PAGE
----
Snow highlights the sunny side of autonomous vehicles

Neale Phillips is Thatcham’s Strategy and Development Director. He recently outlined why autonomous vehicles may mean more work for repairers at IBIS Middle East.

By Mike Davey

Hamilton, Ontario — February 17, 2016 — The advent of autonomous vehicles may have an upside for the collision repair industry according to Neale Phillips, Thatcham’s Strategy and Development Director. Thatcham is an automotive insurer research organization headquartered in the United Kingdom.

Phillips delivered his remarks during the third IBIS Middle East, held in Dubai earlier this month. Collision Repair magazine is the exclusive Canadian Media Partner for IBIS. “One of Thatcham’s key roles is to try and predict what the crash of the future will look like and then inform insurers and bodyshops,” said Phillips.

During his presentation, Phillips outlined what he sees as the three major trends impacting collision repair: autonomous vehicles and associated technology, vehicle construction and materials and car connectivity. Phillips noted that autonomous driving technology will certainly lower the number of high-impact and rear-end collisions, but the upside is that it may help to reduce the number of total write-offs.

The idea is simple. The increasing technological complexity of vehicles has directly led to an increase in vehicles being written off. In general, the more advanced the vehicle, the more it will cost to repair. Significant damage often means that repairs to the vehicle exceed its value. It’s more cost-effective in this case for the insurer to simply cut the policyholder a cheque.

However, Phillips believes that autonomous vehicles and associated technologies such as autonomous emergency braking may lead to fewer total write-offs. While autonomous vehicles may have better reaction times than human drivers, they can’t change the laws of physics. Velocity cannot be cancelled without consequences. In other words, a collision that may have resulted in two or more cars being written off may instead result in two or more vehicles that are repairable. This translates into work for the collision repair industry. However, the work itself may not be quite what we’re used to seeing.

“We think there will be a different type of accident repairer in the future,” said Phillips. We’ve seen enormous increase in high-strength steels and the uptick in aluminum, but it isn’t just materials that will drive the change. Phillips believes that collision technicians with electrical and electronic skills will be in high demand going forward. We’ve already seen the proliferation of sensors in today’s vehicles. This will only increase as we see more driverless tech and associated technologies make its way on to Canada’s roads. Advanced electronics require scanning, both pre- and post-repair, to make sure they’re functioning correctly. In addition, technicians will need the skills to locate and recalibrate all of these sensors when needed.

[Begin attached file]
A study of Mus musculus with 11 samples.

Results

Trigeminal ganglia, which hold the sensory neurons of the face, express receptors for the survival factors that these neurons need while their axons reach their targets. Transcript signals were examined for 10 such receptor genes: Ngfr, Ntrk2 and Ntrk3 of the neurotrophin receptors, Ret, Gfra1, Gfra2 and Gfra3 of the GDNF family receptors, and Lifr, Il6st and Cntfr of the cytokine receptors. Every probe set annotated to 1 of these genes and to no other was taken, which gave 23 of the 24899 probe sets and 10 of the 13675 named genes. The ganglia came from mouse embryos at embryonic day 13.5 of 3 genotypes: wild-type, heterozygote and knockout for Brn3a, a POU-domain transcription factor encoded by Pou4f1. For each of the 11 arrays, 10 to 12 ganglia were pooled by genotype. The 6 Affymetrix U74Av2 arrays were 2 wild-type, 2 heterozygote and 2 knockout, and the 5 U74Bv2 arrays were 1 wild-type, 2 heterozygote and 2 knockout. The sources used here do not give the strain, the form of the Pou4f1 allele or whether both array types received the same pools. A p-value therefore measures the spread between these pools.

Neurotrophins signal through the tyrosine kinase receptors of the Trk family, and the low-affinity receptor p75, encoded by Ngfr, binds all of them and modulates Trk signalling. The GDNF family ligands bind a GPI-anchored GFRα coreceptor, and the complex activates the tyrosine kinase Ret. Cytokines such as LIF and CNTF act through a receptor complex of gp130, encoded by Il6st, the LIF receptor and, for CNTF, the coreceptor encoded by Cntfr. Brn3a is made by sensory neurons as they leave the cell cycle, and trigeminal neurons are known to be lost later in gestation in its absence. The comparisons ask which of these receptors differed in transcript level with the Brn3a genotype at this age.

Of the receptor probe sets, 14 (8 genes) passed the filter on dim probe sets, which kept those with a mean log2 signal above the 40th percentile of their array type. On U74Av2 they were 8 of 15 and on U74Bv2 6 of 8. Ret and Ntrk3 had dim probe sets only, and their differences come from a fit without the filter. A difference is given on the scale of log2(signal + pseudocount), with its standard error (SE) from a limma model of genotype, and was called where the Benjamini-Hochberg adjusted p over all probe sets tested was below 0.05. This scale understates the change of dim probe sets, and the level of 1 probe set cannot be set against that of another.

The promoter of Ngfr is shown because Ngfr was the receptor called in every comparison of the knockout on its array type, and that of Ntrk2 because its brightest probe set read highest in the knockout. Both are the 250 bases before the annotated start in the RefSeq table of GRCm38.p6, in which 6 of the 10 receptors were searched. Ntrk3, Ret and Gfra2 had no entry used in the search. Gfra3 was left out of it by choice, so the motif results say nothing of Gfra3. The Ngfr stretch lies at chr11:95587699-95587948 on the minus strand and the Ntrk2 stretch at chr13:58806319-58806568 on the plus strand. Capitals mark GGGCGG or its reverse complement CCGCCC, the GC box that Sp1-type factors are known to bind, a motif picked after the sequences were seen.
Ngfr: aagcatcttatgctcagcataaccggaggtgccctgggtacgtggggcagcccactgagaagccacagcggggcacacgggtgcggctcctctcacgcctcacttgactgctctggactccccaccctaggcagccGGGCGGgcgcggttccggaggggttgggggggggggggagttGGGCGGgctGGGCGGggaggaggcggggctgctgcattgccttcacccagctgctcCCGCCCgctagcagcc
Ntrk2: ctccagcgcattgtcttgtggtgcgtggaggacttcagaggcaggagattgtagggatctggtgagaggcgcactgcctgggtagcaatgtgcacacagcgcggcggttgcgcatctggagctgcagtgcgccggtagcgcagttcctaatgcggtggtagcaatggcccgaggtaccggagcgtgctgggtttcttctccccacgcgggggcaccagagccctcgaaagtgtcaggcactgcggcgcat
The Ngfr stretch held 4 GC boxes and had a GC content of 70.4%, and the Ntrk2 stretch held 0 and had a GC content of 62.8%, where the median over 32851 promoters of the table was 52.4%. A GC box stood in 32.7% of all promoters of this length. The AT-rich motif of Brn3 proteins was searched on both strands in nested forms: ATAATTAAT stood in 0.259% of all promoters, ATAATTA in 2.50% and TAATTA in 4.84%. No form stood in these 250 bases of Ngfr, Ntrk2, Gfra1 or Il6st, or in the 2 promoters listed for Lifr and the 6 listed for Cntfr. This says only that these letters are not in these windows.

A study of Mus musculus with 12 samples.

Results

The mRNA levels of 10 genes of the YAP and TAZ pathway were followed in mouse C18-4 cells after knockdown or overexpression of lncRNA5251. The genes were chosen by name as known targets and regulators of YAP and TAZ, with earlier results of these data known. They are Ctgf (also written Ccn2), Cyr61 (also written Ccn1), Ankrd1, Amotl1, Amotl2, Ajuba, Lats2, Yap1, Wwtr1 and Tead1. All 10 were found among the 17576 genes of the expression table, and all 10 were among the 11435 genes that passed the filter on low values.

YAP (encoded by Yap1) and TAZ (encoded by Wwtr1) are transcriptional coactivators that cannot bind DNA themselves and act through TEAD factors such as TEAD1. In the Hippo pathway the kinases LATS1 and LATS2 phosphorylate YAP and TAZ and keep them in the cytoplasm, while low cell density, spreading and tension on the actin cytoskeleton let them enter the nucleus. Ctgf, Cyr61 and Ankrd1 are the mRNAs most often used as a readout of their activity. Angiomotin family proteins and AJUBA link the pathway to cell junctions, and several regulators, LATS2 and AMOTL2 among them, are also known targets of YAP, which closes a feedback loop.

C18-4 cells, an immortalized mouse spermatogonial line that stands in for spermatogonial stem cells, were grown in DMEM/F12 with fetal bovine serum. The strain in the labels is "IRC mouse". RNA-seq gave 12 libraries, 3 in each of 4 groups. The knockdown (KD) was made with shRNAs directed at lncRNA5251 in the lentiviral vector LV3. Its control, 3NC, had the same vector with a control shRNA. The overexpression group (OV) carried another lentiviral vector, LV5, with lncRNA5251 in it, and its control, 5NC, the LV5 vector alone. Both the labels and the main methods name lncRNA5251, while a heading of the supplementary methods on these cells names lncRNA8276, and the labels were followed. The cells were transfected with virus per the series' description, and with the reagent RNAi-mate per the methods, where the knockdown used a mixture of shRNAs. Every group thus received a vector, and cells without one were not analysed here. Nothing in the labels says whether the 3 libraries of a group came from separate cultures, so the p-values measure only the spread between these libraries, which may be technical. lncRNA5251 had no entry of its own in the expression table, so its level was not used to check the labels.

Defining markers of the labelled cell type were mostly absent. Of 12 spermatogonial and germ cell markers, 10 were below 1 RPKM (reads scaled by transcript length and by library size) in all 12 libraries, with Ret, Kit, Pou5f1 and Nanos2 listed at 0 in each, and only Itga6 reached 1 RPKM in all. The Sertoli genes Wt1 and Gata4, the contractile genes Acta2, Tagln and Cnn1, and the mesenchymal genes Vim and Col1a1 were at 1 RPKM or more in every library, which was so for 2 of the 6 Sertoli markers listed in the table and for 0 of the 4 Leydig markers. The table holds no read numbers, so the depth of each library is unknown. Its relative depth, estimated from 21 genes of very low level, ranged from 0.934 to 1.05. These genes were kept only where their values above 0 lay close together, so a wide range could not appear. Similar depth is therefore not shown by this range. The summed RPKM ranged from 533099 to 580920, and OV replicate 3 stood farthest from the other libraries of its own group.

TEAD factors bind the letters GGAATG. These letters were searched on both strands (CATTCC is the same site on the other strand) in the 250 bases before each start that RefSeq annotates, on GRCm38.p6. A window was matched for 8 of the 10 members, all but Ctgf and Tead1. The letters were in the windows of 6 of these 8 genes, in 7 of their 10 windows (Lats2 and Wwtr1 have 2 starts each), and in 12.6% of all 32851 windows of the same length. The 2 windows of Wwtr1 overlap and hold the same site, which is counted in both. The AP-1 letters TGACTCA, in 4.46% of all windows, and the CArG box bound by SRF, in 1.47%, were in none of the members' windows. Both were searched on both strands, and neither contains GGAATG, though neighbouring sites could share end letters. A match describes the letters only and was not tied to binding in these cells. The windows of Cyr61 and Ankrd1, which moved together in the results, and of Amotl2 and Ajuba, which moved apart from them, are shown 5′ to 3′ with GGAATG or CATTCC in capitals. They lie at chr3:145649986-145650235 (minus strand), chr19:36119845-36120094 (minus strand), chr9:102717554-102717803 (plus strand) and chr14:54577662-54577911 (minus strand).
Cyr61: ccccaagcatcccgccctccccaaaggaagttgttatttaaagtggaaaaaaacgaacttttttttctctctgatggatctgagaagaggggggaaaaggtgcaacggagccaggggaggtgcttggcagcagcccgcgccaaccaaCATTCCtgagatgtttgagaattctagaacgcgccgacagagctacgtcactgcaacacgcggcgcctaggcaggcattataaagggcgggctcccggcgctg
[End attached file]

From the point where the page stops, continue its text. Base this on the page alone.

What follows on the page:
Canadian repairers may have more time than our American counterparts before autonomous vehicles start to hit the road. Collision Repair magazine has reported in the past that self-driving vehicles have trouble navigating in the snow. A recent story published on bloomberg.com highlights this issue.

“It’s really difficult, especially when you have the snow smoke from the car in front,” said Marcus Rothoff, Director of Volvo’s autonomous-driving program according to the report from Bloomberg. “A bit of ice, you can manage. But when it starts building up, you just lose functionality.”

The sensors in driverless cars include cameras, lidar and radar. Snow and ice can cause havoc with both camers and lidar, which uses lasers to determine the shape, location and velocity of other objects. Radar does not have these difficulties, but it can be difficult to depend on radar alone in these situations. Ford believes it has found a solution, but it depends on building an accurate 3D map during ideal conditions, then using it in inclement weather.

“It’s one thing for a car to drive itself in perfect weather,” said Jim McBride, Ford Technical Leader for Autonomous Vehicles. “It’s quite another to do so when the car’s sensors can’t see the road because it’s covered in snow. Weather isn’t perfect, and that’s why we’re testing autonomous vehicles in wintry conditions.”

Ford has also reportedly found a way to cancel out the “noise” caused by falling snow. According to the company, the combination of these things mean a Ford-built AV can known exactly where the lane is and hence where the car should be. At least in theory. Lane lines aren’t very meaningful in the middle of a snowstorm. People tend to follow the ruts in the snow made by the vehicles before them.

Ryan Eustice is an Associate Professor of Engineering at the University of Michigan. He has been working with Ford on testing the company’s AVs in snowy conditions. “For us to barrel down the road in our lane and ignore the ruts would be unnatural to the other drivers,” Eustice said, according to the report on bloomberg.com.

Ford, therefore, has to come up with a way for the onboard computer to figure out where those ruts and navigate them like a person would. This isn’t easy, and may require more sophisticated computers.

Autonomous vehicles may in fact mean more work for your facility, not less, but it’s up to you to ensure that your technicians have the skills needed for the new type of work.